Hearst Will Start Selling Ads for Lena Dunham’s Feminist Newsletter

Lenny Letter stories will appear on Hearst websites

Since launching in September, Lenny Letter, the feminist newsletter founded by Girls creator and star Lena Dunham and the HBO series' showrunner, Jenni Konner, has attracted considerable buzz.

In the nearly two months since its debut, Lenny Letter has featured interviews with Democratic presidential front-runner Hillary Clinton and an eye-opening essay from Jennifer Lawrence decrying the gender wage gap in Hollywood.

Now it has another new fan: Hearst Magazines.

In a deal announced this morning, Hearst will have exclusive rights to monetize the content and create custom programs for potential advertisers. As part of the deal, Hearst has revamped the website for Lenny Letter. Until now, it had been primarily distributed to subscribers via email.

"We felt that [our readers] also deserve a destination where they can engage with our content outside of a newsletter," said Dunham and Konner in a statement. "Everything Lenny will come from our editorial team and contributors, while our partnership with Hearst allows us to share our message with millions of women around the world."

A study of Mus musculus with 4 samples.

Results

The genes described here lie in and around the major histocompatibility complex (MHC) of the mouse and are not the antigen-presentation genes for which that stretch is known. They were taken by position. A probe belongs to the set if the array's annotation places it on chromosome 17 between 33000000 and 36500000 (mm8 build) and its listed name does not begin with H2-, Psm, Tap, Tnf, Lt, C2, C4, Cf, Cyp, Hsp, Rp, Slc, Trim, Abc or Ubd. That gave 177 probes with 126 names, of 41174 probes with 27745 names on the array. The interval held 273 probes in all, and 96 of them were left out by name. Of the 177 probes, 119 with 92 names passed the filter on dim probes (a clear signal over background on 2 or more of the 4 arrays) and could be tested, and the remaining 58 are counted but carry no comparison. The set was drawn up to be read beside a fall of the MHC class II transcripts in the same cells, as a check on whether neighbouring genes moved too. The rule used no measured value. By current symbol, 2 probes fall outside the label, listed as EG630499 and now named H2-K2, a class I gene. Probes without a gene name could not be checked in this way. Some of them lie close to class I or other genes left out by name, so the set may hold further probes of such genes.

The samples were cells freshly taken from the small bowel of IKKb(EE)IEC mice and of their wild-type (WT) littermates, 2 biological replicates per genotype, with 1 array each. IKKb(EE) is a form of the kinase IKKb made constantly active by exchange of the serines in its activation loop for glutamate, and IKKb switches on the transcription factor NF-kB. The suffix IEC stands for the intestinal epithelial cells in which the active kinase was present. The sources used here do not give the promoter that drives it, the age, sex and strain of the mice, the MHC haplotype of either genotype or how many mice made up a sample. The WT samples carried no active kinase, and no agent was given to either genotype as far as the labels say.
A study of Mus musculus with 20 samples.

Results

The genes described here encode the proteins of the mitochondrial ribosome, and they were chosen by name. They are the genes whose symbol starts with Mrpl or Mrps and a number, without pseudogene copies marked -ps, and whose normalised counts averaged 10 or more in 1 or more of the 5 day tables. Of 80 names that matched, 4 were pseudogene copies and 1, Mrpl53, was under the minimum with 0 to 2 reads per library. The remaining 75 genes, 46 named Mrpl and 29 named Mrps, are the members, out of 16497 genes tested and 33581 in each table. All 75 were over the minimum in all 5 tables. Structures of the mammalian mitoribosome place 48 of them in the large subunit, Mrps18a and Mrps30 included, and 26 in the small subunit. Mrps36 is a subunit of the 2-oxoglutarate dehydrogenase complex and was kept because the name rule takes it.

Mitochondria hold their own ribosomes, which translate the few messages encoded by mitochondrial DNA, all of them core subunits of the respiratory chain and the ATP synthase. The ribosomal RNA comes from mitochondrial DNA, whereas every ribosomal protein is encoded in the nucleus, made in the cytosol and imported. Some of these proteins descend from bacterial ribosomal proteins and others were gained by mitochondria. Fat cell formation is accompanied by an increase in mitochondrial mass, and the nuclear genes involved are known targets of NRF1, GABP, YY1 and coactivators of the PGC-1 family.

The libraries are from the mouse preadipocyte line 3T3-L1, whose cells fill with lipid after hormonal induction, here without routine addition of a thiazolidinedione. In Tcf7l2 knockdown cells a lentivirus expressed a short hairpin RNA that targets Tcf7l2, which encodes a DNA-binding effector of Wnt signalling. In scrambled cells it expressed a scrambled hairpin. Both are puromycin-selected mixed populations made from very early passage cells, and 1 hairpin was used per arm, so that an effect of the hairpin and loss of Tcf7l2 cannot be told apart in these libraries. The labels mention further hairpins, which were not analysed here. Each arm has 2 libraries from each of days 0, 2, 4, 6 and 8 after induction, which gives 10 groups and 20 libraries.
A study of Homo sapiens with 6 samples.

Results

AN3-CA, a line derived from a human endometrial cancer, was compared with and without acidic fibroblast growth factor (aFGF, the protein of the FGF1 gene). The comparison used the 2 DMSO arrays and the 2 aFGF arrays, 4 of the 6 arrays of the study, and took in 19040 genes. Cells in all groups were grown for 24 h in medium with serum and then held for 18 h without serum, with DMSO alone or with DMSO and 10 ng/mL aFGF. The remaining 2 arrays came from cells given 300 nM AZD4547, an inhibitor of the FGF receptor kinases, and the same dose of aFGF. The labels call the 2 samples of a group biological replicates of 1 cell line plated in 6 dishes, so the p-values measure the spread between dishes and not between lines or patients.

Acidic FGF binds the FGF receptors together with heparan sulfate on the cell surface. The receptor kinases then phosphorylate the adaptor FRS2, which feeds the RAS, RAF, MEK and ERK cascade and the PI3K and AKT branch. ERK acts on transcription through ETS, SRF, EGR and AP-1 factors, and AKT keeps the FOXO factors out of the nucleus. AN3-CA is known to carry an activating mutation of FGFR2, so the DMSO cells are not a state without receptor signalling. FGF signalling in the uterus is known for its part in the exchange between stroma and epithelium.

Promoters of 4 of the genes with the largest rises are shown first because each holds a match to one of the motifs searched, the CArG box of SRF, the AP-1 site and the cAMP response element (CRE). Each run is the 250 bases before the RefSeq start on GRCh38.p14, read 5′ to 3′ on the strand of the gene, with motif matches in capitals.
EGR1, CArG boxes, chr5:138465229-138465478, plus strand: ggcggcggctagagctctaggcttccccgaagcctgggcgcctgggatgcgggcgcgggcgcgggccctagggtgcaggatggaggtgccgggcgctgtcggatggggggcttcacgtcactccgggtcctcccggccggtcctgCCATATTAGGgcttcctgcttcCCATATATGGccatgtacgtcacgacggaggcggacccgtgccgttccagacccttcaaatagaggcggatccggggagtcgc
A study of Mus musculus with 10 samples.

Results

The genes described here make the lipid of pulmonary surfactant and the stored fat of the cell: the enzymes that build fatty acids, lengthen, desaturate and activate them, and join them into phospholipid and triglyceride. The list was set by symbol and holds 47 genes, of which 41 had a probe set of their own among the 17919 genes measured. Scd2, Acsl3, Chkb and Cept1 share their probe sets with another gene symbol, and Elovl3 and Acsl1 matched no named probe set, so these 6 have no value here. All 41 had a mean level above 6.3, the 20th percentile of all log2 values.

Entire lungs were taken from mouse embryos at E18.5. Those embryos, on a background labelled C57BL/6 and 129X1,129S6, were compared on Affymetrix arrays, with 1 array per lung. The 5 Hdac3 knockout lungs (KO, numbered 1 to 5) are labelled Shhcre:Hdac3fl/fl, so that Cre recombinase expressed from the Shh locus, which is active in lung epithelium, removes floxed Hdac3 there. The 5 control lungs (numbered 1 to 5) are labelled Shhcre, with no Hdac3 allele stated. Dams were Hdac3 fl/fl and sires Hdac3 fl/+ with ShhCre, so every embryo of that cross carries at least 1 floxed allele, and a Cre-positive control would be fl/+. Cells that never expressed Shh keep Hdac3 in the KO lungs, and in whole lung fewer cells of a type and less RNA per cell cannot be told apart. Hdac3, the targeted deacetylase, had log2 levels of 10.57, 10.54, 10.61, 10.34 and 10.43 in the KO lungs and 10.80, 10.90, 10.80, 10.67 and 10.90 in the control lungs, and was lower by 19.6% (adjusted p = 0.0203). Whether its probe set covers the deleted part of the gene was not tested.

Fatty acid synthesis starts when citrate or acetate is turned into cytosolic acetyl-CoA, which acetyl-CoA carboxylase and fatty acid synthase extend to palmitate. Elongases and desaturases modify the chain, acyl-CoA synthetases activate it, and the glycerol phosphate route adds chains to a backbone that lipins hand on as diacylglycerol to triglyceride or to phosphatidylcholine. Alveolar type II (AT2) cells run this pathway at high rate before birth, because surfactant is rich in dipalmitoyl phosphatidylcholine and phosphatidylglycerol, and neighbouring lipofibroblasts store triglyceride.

Hearst will also syndicate content from Lenny Letter across its female-skewing digital properties including Elle, Cosmopolitan, Harper's Bazaar and Marie Claire. The four collectively reach 140 million monthly visitors worldwide. 

"Hearst has the most vibrant digital portfolio of young women's and fashion brands, and Lenny's unique perspective speaks directly to the spirit of our audience," said Troy Young, president of Hearst Magazines Digital Media. "Adding Lenny into the mix strengthens our connection to the reader and creates new opportunities for marketers to reach a generation of young women who stand up for what they believe in."

The move should help distinguish Lenny Letter from other similar newsletter outlets, including TheSkimm, as a full-blown publishing platform. Meanwhile, Hearst hopes to strengthen its standing among the audience Dunham courts—women in their 20s and 30s.